W. Eric Martin
• As noted in Feb. 2016, Z-Man Games plans to release a mass market version of Gaëtan Beaujannot and Jean Yves Monpertuis' Flick 'em Up! with plastic components instead of the wooden ones, and now the publisher has placed both a release date (July 2016) and price ($35) on this version, while also announcing that this "wider audience" version will be available in a total of fourteen languages: English, German, French, Dutch, Hungarian, Polish, Italian, Spanish, Portuguese, Chinese, Finnish, Swedish, Danish and Norwegian.
• Corné van Moorsel of Cwali has teased his next release: a tile-laying game in which players build a wildlife park without cages or fences. Van Moorsel's short description: "Each animal has its own requirements for its surrounding landscape (grass/bush/rock/water). Further you can improve the value of your park by flora, watchtowers, trek tours, ziplines and extra entrance roads."
• To continue with the theme of shooting things, we have Dead Last from Matthew Grosso, Andy Patton and Smirk & Dagger Games, with this title due out in June 2016. An overview:
Dead Last — originally known as Tontine — is a "social collusion" game of shifting alliances, betrayals, and murder for profit in which players must conspire and vote upon whom to kill each round. Any means of overt or covert communication is allowed — a glance, a nod, pointing under the table, flashing a card, anything – but make sure you don't tip off the target or they could ambush you instead! In the end, one or two players will remain, either claiming all the gold or squaring off in a final showdown before starting the next round of play. The first player to score 24 points of gold wins.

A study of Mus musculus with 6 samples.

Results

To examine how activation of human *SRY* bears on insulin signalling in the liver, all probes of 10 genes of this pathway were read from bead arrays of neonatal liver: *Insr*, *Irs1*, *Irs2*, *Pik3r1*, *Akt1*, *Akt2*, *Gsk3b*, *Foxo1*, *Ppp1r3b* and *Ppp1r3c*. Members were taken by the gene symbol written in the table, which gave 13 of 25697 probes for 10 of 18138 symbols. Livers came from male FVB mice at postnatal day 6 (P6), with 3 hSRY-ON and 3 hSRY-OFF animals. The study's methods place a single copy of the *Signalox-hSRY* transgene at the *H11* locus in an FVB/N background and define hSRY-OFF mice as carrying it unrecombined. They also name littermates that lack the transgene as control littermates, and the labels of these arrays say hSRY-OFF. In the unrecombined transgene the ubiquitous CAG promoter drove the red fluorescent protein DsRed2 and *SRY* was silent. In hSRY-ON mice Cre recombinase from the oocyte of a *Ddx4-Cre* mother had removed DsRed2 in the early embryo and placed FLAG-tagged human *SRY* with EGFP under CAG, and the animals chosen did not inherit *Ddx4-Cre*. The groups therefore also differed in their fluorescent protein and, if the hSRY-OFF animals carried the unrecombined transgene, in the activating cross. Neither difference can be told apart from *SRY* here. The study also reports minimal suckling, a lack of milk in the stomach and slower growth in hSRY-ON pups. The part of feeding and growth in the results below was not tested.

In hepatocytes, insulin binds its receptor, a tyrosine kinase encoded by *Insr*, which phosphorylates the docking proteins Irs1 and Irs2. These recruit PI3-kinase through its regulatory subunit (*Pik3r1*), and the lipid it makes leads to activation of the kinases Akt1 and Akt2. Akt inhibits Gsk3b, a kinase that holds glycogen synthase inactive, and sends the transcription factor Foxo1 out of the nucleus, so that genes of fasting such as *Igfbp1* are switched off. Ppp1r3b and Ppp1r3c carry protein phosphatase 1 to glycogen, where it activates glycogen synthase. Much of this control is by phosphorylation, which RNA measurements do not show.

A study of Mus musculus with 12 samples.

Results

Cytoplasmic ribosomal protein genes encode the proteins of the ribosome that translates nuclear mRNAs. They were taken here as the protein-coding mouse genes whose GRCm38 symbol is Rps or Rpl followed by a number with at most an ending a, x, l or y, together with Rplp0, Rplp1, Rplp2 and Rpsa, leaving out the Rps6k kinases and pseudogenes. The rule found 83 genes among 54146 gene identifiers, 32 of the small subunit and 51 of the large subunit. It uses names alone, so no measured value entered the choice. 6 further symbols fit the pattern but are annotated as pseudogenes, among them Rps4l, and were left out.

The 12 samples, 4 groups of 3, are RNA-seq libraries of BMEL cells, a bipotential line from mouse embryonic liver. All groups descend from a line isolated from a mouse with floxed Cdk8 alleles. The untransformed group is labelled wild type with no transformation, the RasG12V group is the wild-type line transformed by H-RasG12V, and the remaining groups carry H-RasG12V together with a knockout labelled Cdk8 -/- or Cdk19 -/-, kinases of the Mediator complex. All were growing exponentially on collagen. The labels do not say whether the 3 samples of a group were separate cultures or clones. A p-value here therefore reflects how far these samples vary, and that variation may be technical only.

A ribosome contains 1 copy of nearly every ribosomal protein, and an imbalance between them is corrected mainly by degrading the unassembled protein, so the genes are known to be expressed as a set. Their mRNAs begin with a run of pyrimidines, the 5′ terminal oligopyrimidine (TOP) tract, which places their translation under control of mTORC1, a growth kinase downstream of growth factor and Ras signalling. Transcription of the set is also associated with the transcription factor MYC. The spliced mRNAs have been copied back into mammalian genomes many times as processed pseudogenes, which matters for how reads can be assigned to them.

• Who doesn't love cards with numbers on them? I sure do, so I'm curious to fund out more about Nevermore Games' Spires from T.C. Petty, which will hit Kickstarter in Q3 2016 for an anticipated 2017 release. Here's an overview of the game:
A king with a penchant for spires is asking his favorite builders – the players – to perk up his kingdom's skyline. Players compete to build the tallest spires to receive the king's favor, but his majesty has warned that the towers must not be taller than those on his royal palace.
Spires combines hand management, set collection, and trick-taking into a 25-minute game. Players compete for cards in different markets to try to build out their tableaus.
Every player aims to fill their tableau with spires of each type but must be careful not to add more than three of any one type of card. Once the spire exceeds three cards, all cards of that type become a penalty to their final score.
Competing for cards can be tricky as rival builders can force you to take cards that push you over the three-card limit, but not to worry! You can also win cards that allow you to discard or swap cards.
The builder with the most points, including spires and bonuses (special cards, icon majorities, etc.), wins!